With that number in mind, the university has embarked on several new projects designed to meet the needs of a growing student body.

According to Colin Donahue, Vice President and CFO of Administration and Finance, the university currently has $200 million in active construction projects.

“All of them fall under the CSUN Road Map Plan,” said Donahue, “And all are centered on our strategy of academic and students success.”

The Road Map Plan was charged by university president Erika Beck to identify priorities aimed at taking CSUN to the next level.

The first major project is construction of Maple Hall. The 165,000-square-foot building was designed to take the load off Sierra Hall,  built in 1964. According to Donahue, Sierra Hall needs extensive renovation and Maple Hall is being built so that renovation could be phased in over time.

The $50 million state-funded classroom building will house the first new classrooms built in years, with 37 new rooms available in 2024.

Another addition is the affordable housing project at the southwest corner of Zelzah and Lassen. The state-funded $72 million building, “is much needed,” Donahue told Valley News Group. “By the spring of 2025 we will provide more affordable housing for 200 students. We’ve never had more demand because of our high quality education – and because affordability in the valley is terrible.”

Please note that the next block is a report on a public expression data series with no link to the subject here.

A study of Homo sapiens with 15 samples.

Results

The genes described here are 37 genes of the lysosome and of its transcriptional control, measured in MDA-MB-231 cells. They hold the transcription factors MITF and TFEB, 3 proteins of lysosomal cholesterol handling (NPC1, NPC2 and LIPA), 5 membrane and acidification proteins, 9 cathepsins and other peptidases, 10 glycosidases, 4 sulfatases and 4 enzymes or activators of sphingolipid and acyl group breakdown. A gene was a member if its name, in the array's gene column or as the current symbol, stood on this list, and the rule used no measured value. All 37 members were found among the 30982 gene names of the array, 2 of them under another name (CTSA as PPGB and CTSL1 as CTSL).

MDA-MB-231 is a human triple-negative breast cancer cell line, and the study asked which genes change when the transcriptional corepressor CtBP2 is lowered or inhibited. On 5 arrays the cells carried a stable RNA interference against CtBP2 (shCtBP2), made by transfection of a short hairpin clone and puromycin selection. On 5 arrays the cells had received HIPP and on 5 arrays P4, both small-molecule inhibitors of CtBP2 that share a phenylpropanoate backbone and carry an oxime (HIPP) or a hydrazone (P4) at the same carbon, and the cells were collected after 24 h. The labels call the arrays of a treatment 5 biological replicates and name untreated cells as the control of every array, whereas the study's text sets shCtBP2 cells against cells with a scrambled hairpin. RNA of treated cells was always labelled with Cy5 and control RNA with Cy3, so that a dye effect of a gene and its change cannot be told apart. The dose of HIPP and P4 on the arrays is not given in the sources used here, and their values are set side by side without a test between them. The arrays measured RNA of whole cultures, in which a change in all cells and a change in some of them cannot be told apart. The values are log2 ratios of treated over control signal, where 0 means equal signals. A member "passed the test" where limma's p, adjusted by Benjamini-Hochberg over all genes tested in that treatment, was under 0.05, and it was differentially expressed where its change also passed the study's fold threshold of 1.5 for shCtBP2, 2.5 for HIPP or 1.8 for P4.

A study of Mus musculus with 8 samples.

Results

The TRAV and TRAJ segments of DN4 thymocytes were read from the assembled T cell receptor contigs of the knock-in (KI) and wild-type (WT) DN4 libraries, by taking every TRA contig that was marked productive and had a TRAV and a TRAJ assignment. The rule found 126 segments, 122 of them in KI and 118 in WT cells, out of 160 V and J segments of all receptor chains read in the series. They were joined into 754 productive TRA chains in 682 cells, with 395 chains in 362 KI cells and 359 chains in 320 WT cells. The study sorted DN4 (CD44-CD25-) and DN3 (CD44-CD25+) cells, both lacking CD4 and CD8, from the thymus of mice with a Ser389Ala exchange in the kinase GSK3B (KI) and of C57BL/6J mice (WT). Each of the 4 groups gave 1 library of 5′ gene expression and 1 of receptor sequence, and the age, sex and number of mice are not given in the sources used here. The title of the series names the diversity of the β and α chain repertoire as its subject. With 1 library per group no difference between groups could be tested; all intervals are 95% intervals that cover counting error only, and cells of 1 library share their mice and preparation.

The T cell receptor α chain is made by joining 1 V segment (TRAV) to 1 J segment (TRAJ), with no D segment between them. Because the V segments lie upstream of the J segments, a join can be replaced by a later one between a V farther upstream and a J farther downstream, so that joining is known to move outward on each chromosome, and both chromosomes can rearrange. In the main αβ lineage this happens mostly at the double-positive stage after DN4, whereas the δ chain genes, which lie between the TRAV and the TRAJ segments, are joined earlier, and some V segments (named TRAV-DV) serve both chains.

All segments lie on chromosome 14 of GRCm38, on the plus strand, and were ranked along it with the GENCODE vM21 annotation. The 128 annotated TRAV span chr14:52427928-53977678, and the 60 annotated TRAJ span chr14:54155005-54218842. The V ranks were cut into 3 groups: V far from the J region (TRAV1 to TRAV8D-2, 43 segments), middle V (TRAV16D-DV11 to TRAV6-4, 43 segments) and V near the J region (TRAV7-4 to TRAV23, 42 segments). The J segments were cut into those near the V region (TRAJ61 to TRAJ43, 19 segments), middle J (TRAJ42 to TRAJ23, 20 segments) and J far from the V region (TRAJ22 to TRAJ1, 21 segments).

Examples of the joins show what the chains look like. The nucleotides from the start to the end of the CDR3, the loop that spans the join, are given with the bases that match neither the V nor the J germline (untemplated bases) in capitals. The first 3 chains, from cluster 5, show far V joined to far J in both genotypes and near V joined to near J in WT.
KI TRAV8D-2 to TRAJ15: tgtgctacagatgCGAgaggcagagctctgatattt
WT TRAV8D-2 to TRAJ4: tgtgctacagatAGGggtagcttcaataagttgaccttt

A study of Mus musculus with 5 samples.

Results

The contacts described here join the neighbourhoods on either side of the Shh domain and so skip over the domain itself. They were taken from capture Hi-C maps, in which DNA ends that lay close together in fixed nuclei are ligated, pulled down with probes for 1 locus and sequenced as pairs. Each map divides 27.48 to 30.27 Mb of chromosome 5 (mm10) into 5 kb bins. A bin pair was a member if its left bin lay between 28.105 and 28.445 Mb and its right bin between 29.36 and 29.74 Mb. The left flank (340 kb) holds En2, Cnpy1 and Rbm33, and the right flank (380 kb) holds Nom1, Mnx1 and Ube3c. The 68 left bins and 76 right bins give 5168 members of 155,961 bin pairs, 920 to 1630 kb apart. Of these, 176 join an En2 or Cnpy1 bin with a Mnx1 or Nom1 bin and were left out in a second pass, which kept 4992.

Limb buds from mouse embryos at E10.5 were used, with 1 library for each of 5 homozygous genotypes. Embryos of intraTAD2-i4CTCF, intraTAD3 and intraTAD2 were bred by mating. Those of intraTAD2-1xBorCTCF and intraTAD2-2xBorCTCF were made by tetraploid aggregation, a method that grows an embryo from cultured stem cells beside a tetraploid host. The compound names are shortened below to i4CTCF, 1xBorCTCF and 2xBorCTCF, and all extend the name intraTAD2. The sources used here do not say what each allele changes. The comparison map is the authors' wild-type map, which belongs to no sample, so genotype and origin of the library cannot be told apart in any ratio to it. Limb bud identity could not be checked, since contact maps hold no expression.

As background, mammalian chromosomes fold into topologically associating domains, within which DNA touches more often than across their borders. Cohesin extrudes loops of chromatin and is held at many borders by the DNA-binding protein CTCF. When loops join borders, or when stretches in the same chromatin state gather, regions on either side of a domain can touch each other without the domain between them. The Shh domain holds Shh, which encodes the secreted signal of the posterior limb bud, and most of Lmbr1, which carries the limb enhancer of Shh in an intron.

A “basic needs” endeavor is also underway. The $25 million project to be completed in fall of 2025 will offer a kitchen, food lockers and a Maddy’s Closet where students can get clothes to interview in. “We’re trying to offer services – but de-stimatize them so students are comfortable in a nice, professional atmosphere. It’s not a massive project but it will make a big difference in student lives.” 

Valley News Group asked Donahue about where they were with the proposed on-campus hotel that generated a lot of community interest. He said that project was postponed due to COVID. That project was to be built with an outside developer, and the economics don’t work right now. “We’re gauging the market and talking to developers to see if there’s interest.”

Ken Ross of Northridge East Neighborhood Council asked on the academic side if the university was addressing the new wave of AI. And there is a new Autodesk Technology Engagement Center currently under construction. The $63 million project is a marriage of state and donor funds and will house a global Hispanic “Equity Innovation Hub,” an accelerator to get Latinex students and other underrepresented students to be successful in STEM fields. It connects  with the engineering department where they are building new state-of-the-art labs. 

The center was built with $7 million from Autodesk, government funds of $25 million and $25 million from Apple for programming.

Ross also asked if there was any chance of bringing back CSUN football?  The answer was a no. The problem is the amount of money it takes to support a football program. “We have strong baseball and soccer teams, and we’re the best in the nation in volleyball. We’re here for our 350 student athletes that never would be at college without sports,” explained Donahue.

He concluded the interview by saying, “We’re always open to talk. We always want to educate people on what our priorities are – and all of them focus on what’s the absolute best for our students.”